Life Inside a Jar


They wasted no time resurrecting Hector once more, per his contract. His knowledge of the plague, both from research and then exposure, was invaluable, so money was no object.

Hector had wondered what his earliest memories would be the second time around. Now he knew. Two months from embryo to mass of brain, eyeballs, and a few strands of nerves swirling in a jar of their “secret sauce,” the patented synthetic placenta that drove regeneration.

In that jar, his mind functioned and his eyes saw the world. He remembered all he saw now, and after four more months of consciousness from jar to table, he was finally a man standing erect.

His first day of work, and he couldn’t wait, rubbed his hands together, checked to ensure the lab equipment was in order. He was alive and ready commence the task of finding a cure for the plague spreading rapidly, its mission to make Earth a ghost planet.

Where did that term come from? Hector smirked. Ghost—pah! I have been dead and back again and know all that is rubbish. Death is death, nothing more than darkness, silence, eternal cold loneliness.

He was glad he agreed to come back five times, the current maximum. Maybe, with that much time to work with, he could see this research through to the end. Exposure occurred far too easily to get it right the first time.

“Ah, Penny!” Hector exclaimed, as a tall beautiful woman walked into the hospital room, her long brown hair and deep onyx eyes as striking as he remembered.

“So it worked.” She said in a monotone. She didn’t seem pleased. Her full length white smock indicated she was finally promoted from researcher assistant to researcher, a goal she long desired. He remembered helping her get there. So why the sour face and chilling reception?

“So now that you’re a white coat are we still a team?” He smiled at her, admiring her smooth perfect face, her trim figure. Better get home to my wife, he mused. I’m getting turned on.

Penny’s chilling black eyes gaped, looking through him. He thought they always got along. She seemed angry. “So, the alterations worked as well.”

“Huh?”

“Tell me, Hector. How did you die?”

“You know.”

“Humor me with an answer.” A smug smile on her face now.

“I contracted the plague.”

“How?”

Hector stood in silence, realizing the unthinkable. My God, I… “Well, for Christ’s sake, I don’t remember.”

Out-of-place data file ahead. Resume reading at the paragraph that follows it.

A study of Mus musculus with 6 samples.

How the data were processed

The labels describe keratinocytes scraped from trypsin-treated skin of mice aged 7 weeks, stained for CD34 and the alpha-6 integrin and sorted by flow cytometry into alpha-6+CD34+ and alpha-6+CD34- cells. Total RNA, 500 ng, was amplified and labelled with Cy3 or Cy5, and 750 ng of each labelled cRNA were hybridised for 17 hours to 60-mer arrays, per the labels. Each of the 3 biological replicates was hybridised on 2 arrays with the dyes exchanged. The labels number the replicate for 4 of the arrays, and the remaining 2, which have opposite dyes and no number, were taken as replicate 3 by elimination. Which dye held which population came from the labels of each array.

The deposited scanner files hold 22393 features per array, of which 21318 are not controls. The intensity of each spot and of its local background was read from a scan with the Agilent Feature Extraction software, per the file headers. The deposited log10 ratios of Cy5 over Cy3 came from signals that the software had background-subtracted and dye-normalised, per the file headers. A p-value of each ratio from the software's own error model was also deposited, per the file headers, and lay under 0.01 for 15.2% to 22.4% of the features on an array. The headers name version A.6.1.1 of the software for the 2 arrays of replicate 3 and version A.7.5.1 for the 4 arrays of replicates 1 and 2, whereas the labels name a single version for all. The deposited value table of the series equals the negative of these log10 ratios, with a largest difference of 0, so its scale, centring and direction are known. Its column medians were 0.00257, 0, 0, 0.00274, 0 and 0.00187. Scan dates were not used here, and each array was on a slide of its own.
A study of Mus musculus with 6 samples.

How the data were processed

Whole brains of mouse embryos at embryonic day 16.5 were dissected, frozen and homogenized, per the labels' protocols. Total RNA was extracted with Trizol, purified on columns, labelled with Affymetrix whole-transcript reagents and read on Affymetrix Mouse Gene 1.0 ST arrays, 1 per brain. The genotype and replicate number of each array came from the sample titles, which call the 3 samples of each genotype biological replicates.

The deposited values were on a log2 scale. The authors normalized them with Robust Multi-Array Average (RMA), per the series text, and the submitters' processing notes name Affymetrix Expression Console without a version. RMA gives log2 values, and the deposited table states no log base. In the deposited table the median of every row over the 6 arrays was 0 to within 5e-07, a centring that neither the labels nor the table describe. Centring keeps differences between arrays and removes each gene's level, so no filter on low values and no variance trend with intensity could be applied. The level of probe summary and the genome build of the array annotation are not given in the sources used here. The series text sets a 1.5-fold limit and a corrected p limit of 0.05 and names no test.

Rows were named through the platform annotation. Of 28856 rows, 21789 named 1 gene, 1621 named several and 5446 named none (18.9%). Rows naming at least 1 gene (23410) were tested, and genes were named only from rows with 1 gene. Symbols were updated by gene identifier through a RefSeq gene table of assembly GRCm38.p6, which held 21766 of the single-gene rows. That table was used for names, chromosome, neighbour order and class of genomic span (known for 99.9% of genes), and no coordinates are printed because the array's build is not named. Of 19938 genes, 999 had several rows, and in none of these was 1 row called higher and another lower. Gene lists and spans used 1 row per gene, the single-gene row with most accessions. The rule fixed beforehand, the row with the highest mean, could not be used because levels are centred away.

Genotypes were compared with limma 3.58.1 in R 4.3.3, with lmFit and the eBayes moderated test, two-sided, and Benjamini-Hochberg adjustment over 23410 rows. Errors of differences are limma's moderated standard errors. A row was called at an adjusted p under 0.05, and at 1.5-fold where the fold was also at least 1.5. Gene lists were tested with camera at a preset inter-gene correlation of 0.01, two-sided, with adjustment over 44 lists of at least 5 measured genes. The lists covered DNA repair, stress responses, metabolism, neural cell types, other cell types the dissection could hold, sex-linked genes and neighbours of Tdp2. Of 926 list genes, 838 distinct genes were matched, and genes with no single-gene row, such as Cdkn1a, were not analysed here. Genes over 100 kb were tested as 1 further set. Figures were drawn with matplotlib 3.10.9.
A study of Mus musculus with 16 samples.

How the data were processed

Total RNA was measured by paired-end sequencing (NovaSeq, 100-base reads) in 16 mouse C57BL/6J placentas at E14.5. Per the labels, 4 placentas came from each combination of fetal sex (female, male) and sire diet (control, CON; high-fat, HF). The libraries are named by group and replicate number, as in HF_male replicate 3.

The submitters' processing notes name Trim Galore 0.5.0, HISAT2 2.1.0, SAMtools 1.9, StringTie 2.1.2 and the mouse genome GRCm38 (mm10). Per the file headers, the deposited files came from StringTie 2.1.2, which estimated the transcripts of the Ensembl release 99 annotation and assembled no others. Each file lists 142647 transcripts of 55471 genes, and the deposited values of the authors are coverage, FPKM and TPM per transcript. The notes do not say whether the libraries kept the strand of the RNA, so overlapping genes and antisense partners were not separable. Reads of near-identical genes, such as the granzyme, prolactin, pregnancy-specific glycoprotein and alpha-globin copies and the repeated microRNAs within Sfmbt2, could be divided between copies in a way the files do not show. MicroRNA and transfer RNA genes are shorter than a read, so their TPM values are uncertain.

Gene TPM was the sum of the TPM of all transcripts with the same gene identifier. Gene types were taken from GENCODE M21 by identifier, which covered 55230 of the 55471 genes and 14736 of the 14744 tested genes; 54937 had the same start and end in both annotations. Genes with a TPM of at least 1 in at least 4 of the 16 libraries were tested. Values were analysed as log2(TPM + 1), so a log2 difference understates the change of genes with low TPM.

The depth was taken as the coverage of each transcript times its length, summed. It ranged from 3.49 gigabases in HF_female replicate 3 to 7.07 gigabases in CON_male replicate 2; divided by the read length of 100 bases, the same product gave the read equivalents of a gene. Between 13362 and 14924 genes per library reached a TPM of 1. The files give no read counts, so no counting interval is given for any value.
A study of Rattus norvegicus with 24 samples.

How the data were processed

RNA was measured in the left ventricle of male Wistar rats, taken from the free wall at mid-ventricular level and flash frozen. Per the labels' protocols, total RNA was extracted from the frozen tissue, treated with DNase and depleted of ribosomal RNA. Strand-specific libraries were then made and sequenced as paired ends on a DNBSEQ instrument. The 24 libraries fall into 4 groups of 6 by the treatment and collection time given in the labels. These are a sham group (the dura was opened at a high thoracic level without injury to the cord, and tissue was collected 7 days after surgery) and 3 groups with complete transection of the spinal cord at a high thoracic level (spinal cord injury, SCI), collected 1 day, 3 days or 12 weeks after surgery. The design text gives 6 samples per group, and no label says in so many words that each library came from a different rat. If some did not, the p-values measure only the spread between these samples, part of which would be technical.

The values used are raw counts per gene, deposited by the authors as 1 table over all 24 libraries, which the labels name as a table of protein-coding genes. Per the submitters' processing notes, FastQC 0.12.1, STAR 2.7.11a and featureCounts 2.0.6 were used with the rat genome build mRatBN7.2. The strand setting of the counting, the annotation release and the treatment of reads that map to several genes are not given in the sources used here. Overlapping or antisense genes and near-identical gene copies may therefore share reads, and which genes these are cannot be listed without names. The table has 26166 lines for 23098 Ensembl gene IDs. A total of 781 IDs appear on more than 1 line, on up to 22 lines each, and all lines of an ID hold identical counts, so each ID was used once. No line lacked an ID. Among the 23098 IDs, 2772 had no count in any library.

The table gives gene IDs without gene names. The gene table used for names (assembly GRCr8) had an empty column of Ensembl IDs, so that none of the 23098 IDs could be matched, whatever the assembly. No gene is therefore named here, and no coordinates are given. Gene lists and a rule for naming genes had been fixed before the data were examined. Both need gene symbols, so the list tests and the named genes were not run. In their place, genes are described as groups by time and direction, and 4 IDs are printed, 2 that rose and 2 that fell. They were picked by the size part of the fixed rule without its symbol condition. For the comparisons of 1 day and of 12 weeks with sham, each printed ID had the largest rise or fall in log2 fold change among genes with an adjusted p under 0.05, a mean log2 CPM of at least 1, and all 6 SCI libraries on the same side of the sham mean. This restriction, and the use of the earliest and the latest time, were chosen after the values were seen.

“So it did work. Well, just as well for me.”

Hector rubbed his temples. A rush of blood made his head throb. “Maybe I should go home for now. Try this again in the morning.”

“Why, this is your home now, Hector. You don’t remember that either? You have an apartment on the west side of the complex. The sunrise is beautiful over there.”

“Why would I live here, not with Margaret?”

“Wow, they did make you forget just what they wanted you to. Amazing.”

Penny walked away, leaving Hector bewildered. I’ll go to Klein’s office. He’ll straighten this out.

Klein was gone for the day. Hector asked for directions to his apartment but the doctor who revived him did better than that, escorted him to the front door. The place was small but serviceable enough.

He had been issued a cell phone but there were no numbers programmed in it. He looked up Margaret Jasper in the city directory to no avail. Then, though unsure why, he tried her maiden name, Margaret Henderson. There she was. He tried the number and got an answering machine.

Tired from his first day of back he soon fell asleep. Answers could wait until the morning. Most of it came back to him, however, in that night’s dreams:

 

Penny was his assistant in his previous life and they had an affair. Klein almost fired them both but gave them one last chance, if they broke things off.

They agreed.

Margaret was sharp, though, and discovered Hector’s infidelity.

She did not know about his bargain for five more lives, so her revenge lacked the punch she desired, but it still resounded with the intended irony. Her line of research was creating a synthetic version of the plague to study in the laboratory where it could be contained, outside a human host.

Hector did not contract the plague from an affected human. His wife had slipped it into his morning coffee.

 

They tried to make him forget it all but the memories weren’t suppressed for long.

Hector would get a lawyer and see if the contract could be amended.

They really only needed his brain anyway.

Maybe life inside a jar would be good enough next time around.

 

BIO: George Wilhite aspires to write quality speculative fiction steeped in the traditions of Poe and Lovecraft. His collection On the Verge of Madness is available at Amazon and its follow-up, Silhouette of Darkness is out in November through Musa Publishing. Please visit him at Author’s Den for more information” www.authorsden.com.